FIRS Gives Foreign Oil Shippers Deadline to Regularise Tax Books
By Adedapo Adesanya
Nigeria has charged foreign companies shipping crude oil from Nigeria to ensure strict compliance with the country’s tax laws in their operations.
This direction was given by the chairman of the Federal Inland Revenue Service (FIRS), Mr Zacch Adedeji, ordering them to ensure that they comply by regularising their tax documents by December 31, 2023.
Mr Adedeji gave the charge in Lagos at a workshop on taxation of non-resident shipping companies organised by FIRS in conjunction with the Oil Producers Trade Section (OPTS) on Monday.
He said the tax compliance exercise commenced by FIRS on the activities of foreign shipping companies lifting hydrocarbons from Nigeria was part of measures aimed at widening the tax net to grow revenue for the government.
The FIRS chairman, according to a statement by his Special Adviser on Media, Mr Dare Adekanmbi, assured the international companies that the agency was only interested in ensuring compliance with extant tax laws and not out to disrupt their operations.
Section 14 of the Companies Income Tax Act (CITA) 2004 (as amended) makes it mandatory for foreign companies engaging in shipping and air transport operations in Nigeria to file tax returns to continue to carry out their businesses within the country.
Mr Adedeji, who before his appointment as FIRS chairman was Special Adviser on Revenue to President Bola Tinubu, reminded the companies about how his intervention had earlier led to the six-month grace period given to them to regularise their tax returns.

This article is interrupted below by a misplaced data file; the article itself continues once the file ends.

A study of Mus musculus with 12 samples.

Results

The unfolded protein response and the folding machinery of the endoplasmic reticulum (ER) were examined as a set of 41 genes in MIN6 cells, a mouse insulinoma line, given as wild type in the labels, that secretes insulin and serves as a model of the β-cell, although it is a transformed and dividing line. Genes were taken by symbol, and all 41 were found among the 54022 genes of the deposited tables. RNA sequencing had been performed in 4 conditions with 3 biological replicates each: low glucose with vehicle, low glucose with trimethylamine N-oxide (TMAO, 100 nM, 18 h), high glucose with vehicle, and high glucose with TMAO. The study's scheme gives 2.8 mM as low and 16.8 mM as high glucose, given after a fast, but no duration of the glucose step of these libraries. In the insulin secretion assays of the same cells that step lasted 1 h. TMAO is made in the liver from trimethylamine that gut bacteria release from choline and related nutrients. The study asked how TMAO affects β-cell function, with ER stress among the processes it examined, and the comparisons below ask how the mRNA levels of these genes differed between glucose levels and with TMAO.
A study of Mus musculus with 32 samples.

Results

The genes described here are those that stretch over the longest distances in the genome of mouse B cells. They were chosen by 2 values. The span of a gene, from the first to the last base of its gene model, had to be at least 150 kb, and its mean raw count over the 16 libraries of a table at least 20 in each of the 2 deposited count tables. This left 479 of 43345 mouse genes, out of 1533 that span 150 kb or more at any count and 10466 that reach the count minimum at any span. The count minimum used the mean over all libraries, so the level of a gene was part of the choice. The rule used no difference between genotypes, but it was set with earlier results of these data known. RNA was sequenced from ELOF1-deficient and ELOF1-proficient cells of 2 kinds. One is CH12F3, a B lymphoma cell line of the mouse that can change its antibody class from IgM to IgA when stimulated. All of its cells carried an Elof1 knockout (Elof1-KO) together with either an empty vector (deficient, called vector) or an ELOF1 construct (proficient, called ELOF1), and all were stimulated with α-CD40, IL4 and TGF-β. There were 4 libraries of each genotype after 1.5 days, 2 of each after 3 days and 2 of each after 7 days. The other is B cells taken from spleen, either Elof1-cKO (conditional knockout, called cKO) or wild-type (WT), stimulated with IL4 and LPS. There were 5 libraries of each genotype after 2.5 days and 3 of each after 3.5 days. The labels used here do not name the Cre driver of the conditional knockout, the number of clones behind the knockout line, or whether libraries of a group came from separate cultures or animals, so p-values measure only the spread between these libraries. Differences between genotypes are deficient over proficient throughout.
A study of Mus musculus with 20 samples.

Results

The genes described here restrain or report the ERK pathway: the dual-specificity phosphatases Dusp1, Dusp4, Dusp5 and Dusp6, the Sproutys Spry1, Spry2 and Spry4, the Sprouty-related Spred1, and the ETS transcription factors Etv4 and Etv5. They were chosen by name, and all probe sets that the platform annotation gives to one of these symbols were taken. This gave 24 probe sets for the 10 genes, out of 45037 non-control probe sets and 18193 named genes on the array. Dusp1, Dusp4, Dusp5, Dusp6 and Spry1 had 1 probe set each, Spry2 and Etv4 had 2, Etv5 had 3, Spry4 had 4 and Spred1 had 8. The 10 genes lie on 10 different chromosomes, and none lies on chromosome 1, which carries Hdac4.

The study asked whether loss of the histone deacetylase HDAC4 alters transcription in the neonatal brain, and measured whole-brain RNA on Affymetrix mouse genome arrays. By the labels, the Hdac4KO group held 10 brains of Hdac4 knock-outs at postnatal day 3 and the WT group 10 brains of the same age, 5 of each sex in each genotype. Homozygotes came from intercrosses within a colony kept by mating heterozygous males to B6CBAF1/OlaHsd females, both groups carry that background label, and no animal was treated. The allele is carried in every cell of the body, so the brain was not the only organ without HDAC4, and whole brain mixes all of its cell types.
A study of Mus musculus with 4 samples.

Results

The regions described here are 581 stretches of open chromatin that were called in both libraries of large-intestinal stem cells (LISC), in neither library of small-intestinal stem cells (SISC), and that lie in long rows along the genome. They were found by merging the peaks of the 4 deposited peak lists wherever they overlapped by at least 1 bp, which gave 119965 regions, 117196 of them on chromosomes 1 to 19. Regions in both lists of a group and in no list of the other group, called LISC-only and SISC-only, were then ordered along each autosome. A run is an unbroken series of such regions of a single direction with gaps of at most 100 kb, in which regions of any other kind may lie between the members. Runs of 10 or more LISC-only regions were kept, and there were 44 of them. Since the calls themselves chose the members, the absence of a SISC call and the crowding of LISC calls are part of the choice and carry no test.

He explained that the purpose of the workshop was to address challenges associated with tax compliance by foreign companies and find a lasting solution.
“The Federal Government has set a target of increasing Nigeria’s tax-to-GDP ratio to 18 per cent within the next three years.
“The goal is to achieve this without imposing additional taxes but by broadening the tax net. The compliance exercise on international shipping companies lifting crude oil from Nigeria is in line with this strategy of broadening the tax net.
“I am sure all the international shipping companies that we contacted are aware of the importance of complying with tax laws in the various jurisdictions they operate.
“Therefore, I urge the international shipping companies that are not complying with Nigerian tax laws to begin to do so immediately.
“The Service has noted the concerns raised by stakeholders in the oil and gas industry and the maritime sector regarding the tax compliance exercise initiated on international shipping companies lifting crude oil from Nigeria.
“I wish to state that the Service is aware of the economic importance of the sector and has no intention of disrupting operations, rather the objective is to instil compliance with Nigerian tax laws.
“Please recall that as Special Adviser on Revenue, I facilitated an intervention on this matter in June this year.
This resulted in the six-month grace period granted to non-resident shipping companies to regularise their tax affairs and contribute their fair share to the revenue of the country. The grace period will expire at the end of this year.”
“Furthermore, upon assuming the role of Executive Chairman of FIRS, I emphasised the importance of collaborating with stakeholders to address challenges associated with tax compliance.
“It is in this spirit that this workshop has been organised with various stakeholders in the oil and gas industry and the maritime sector,“ he added.